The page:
The SAT Experience


Katy Donovan, Staff Writer

For juniors all across the United States, the month of March brings a rush of anticipation-and often nervousness- as the day of the SAT, or Scholastic Aptitude Test, approaches.  English classes spend time writing practice essays within the 50-minute session and do reading and writing questions to sharpen their skills, while math teachers review concepts that are likely to show up on the exam and give practice quizzes.  Finally, the morning of the exam arrives. But what happens once 8:00 comes around?

Rest assured that the testing doesn’t begin right away.  The process begins with marking your name and school/testing room information on the front of the answer sheet, similar to the beginning of the PSAT.  At 8:30, students open their test books and answer sheets to the first section, prompted by specific directions from the proctor, and it’s time to get to work.  This part of the exam features five passages and corresponding questions to read and answer. The genres of the passages include fictional literature, scientific studies or experiments, historical or government-based writings, and pairings of passages to compare and contrast, usually discussing closely related scientific topics.

As the clock approaches 9:35, a 65-minute span in total, test takers begin to review their answers and ensure all questions have a bubble marked on their answer sheet. There is a (much-appreciated) 10-minute break to follow. After the break, the 35-minute Writing and Language test is given, which includes four passages of varying subjects and questions focusing on standard English conventions, punctuation, subject-verb agreement, clauses, and inclusion/placement of details and sentences.

The Writing and Language section bridges directly into the 25-minute Math (No Calculator) section, transitioning without a break due to the short period for each test. This section consists of fairly simple calculations that can be done without a calculator and some theory-related questions. There is a five-minute break between the non-calculator and calculator section, which allows most types of graphing calculators and all scientific or four-function calculators. (You can check your calculator’s compatibility online, or borrow one from the school.) All skills in the math sections of the SAT are covered in Algebra 1, Algebra 2, or Geometry, so all juniors will have had the classes they need to understand the questions by the time they take the test.

After a final two-minute break, the exam proctors hand out essay books with an article or excerpt from an article to write about.  The answer sheet comes with multiple lined pages for your work. In a 50-minute span, your task is to read the article, identify three rhetorical appeals (serving the purposes of ethos, pathos, and logos, respectively) that the author uses to build their argument, and write a five-paragraph essay about these appeals. For preparation, sophomore and junior English teachers assign essays in the SAT format to help students learn how to better manage their writing time and understand the analytical task prior to the exam.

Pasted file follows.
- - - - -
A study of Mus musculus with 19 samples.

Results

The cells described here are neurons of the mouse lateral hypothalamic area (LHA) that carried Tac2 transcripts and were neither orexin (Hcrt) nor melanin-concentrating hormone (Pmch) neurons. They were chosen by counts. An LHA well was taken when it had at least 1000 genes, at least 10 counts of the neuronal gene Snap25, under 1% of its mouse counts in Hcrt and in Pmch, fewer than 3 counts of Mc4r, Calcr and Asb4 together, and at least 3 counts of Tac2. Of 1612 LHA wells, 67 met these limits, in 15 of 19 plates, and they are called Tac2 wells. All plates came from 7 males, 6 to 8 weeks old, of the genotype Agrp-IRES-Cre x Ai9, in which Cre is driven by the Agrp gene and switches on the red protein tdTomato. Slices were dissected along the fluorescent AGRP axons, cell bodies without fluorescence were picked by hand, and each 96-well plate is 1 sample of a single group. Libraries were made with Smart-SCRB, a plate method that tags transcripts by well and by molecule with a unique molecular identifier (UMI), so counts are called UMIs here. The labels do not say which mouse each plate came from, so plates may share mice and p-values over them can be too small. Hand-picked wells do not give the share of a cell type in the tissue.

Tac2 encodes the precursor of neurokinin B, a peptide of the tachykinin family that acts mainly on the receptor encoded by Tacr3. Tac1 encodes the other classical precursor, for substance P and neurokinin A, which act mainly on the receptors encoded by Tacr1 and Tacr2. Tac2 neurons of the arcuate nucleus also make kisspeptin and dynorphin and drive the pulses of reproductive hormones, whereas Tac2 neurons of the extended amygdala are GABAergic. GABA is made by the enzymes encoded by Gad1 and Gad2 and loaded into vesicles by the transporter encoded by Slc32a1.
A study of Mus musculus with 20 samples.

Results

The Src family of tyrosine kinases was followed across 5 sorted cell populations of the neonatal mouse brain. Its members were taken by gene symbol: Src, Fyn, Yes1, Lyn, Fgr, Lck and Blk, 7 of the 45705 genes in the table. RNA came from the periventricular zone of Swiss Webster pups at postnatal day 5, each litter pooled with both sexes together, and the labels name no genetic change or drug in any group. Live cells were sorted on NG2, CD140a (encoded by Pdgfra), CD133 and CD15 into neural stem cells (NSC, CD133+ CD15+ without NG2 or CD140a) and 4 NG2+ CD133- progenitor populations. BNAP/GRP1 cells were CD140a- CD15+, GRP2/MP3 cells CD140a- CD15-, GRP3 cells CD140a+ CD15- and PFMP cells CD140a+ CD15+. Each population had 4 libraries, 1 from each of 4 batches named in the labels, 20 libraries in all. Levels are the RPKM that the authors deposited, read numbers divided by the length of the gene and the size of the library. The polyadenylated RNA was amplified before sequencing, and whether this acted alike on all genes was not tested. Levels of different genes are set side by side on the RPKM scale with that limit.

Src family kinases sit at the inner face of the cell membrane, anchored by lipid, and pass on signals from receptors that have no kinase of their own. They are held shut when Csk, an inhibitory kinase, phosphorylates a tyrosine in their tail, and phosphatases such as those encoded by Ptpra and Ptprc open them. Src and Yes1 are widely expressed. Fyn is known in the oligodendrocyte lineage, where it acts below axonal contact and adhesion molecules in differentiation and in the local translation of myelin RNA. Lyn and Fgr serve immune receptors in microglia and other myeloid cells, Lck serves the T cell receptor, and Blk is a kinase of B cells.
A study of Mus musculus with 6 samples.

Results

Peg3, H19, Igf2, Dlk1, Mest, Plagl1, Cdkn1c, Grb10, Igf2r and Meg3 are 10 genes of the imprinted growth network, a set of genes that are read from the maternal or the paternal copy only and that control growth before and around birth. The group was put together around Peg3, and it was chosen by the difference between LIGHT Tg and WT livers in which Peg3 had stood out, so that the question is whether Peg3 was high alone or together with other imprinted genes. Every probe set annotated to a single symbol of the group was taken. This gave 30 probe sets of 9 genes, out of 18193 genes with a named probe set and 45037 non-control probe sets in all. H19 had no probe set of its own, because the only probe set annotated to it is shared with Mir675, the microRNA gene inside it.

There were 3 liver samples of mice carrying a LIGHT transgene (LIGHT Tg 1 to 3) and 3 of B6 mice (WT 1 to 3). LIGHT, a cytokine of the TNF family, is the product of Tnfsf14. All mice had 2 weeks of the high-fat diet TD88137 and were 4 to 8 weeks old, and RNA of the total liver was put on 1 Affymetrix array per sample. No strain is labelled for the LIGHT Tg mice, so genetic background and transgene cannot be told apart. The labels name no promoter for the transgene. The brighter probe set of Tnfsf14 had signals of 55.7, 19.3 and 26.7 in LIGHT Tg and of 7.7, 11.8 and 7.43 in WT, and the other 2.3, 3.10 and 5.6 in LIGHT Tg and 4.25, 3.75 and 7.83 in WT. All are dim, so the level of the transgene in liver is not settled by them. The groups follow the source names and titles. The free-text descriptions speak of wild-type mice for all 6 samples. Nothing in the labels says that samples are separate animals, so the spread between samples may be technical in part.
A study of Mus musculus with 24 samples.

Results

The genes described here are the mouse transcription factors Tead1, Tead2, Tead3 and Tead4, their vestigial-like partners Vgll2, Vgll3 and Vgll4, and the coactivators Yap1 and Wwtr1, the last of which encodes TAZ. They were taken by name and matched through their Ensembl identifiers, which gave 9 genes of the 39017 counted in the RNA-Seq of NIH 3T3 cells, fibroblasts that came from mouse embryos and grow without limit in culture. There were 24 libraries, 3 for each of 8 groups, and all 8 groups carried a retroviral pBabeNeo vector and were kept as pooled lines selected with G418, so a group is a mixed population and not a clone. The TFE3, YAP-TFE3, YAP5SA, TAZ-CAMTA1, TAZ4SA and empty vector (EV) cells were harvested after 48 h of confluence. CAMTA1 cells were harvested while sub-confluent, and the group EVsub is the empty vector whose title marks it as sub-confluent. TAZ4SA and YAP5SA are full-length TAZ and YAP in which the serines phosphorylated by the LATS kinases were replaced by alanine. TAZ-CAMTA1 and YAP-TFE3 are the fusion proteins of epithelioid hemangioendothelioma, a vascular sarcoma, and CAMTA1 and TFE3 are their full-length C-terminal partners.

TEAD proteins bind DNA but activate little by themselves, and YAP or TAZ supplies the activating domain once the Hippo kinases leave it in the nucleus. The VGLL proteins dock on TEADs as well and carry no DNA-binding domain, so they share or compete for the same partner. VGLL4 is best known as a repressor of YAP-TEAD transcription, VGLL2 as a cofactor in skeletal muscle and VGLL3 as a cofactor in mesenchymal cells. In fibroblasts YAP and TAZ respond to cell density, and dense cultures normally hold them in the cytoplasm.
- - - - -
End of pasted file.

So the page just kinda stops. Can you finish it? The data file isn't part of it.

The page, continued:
50 minutes later, the time is called and the SAT is officially complete. All juniors are free to go home or proceed to lunch when the office announces dismissal.  If you are wondering how you can sharpen your skills before the big day, make sure to do your best on practice essays and quizzes in class, and ask questions about any concepts you don’t understand.  

This link can be found on the same webpage as your PSAT scores and connects you to practice resources on Khan Academy.

The Khan Academy Official SAT Practice feature is also an invaluable tool for exposure to new skills and understanding them in depth so that you can tackle test questions with confidence.  To get personalized practice recommendations, log into your College Board account (or create one if you haven’t used College Board before), access your most recent PSAT scores, and click on the link to Khan Academy.  Sophomore English classes usually work together during a class period to create accounts for both websites. From there, you can practice the skills that you struggled with most on the PSAT, and write practice essays using one of the provided articles if desired.    

In your Khan Academy account, click “Practice” to start working on skills for your test.

There is also a tab marked “Tips and Strategies” where you can read articles and watch short videos to learn about scoring, topics in each section, time management during the exam, and how to get ready. Above all, make sure to pay close attention in class and work on the reading, writing, and math skills you learn to ensure success on the SAT and beyond.